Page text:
GM's Ultium Batteries Rely on Harmful Carbon Nanotubes That EPA Is Reluctant to Approve

GM's Ultium batteries rely on harmful carbon nanotubes 7 photos
The carbon nanotubes are essentially chemically bonded carbon atoms and can greatly enhance energy storage and heat transfer in a Li-Ion battery. As such, the use of carbon nanotubes is critical to Ultium battery production and a key part of GM’s fight for EV supremacy. Unfortunately, there’s a dark side to the carbon nanotubes too. Being so small, they can penetrate the lungs and cause health issues. This was determined by EPA back in 2011 and it seems that the troubling finding is keeping the agency from greenlighting the use of carbon nanotubes.

That’s why several Michigan members of Congress have sent a letter to the EPA requesting that the regulatory body expedite GM’s request to approve the harmful technology. As reported by the Detroit News, the bipartisan letter to the EPA is dated April 6 and was signed by U.S. Representatives Tim Walberg, R-Tipton, Elissa Slotkin, D-Holly, and Democratic U.S. Senators Debbie Stabenow and Gary Peters.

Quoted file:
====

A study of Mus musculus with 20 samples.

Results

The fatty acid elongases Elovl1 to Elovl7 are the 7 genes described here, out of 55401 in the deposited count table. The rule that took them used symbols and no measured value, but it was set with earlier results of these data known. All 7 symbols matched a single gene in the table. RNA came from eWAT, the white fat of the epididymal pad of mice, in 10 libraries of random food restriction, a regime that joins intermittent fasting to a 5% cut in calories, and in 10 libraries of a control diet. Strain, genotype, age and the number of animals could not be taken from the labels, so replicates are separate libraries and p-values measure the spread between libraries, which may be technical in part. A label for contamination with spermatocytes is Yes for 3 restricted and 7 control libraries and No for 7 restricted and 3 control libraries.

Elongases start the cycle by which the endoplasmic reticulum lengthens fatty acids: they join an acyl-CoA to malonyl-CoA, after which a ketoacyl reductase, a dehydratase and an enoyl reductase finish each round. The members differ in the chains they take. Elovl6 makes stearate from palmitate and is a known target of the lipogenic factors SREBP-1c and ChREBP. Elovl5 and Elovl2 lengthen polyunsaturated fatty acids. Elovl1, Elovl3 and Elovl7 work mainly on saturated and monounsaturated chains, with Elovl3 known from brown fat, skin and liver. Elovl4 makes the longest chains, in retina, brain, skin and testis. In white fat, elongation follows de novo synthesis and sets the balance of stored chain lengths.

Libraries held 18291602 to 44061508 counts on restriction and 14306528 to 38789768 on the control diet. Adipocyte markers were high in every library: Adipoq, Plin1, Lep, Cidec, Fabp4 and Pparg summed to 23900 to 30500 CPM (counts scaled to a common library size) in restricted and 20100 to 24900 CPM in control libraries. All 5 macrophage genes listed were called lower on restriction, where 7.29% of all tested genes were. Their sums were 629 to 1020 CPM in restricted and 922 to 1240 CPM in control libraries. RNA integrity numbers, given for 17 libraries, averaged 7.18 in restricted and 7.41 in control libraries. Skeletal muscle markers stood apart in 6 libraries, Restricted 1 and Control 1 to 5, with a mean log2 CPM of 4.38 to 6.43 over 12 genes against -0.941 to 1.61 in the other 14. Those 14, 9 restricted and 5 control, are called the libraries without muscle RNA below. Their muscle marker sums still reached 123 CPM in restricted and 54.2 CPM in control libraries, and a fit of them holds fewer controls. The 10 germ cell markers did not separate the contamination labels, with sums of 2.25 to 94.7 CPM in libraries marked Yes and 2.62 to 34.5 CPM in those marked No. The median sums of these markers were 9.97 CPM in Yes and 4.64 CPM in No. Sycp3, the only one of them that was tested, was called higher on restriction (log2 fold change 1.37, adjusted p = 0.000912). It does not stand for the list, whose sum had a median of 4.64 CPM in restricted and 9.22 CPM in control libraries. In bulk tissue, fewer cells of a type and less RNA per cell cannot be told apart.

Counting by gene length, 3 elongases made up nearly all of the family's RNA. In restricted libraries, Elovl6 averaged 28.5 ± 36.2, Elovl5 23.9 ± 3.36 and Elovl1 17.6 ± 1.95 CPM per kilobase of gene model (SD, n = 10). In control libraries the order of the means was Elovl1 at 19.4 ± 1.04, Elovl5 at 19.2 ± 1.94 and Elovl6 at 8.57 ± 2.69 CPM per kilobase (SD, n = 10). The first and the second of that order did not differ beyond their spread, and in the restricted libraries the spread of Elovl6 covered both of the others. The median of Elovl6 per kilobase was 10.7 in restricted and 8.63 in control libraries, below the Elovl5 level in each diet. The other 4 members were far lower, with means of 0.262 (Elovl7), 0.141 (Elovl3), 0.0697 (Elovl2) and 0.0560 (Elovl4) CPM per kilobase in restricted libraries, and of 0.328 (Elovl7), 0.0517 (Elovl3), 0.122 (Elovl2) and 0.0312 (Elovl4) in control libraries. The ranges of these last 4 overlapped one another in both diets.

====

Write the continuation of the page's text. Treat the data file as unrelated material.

According to the letter, the carbon nanotube material is critical in opening GM’s new battery production facility in Delta Township. GM recently announced a $7 billion investment in its Michigan-based plants, including a $2.5 billion for battery production at Delta Township. It's expected to create 1,700 new jobs, but those could be in jeopardy without EPA’s approval.

Given the importance of this project to Michigan and to our country’s EV supply chain, we ask EPA to complete the reviews of the (applications) so that these important EV battery projects are not delayed,” the lawmakers wrote in the letter they sent to EPA.

The approval is already more than two months past the legal deadline. Usually, the agency responds in around three months, but in this case, the EPA seems reluctant to approve the use of carbon nanotubes. If the application is not reviewed by May, it could lead to delays in GM’s launch of its new battery production facility.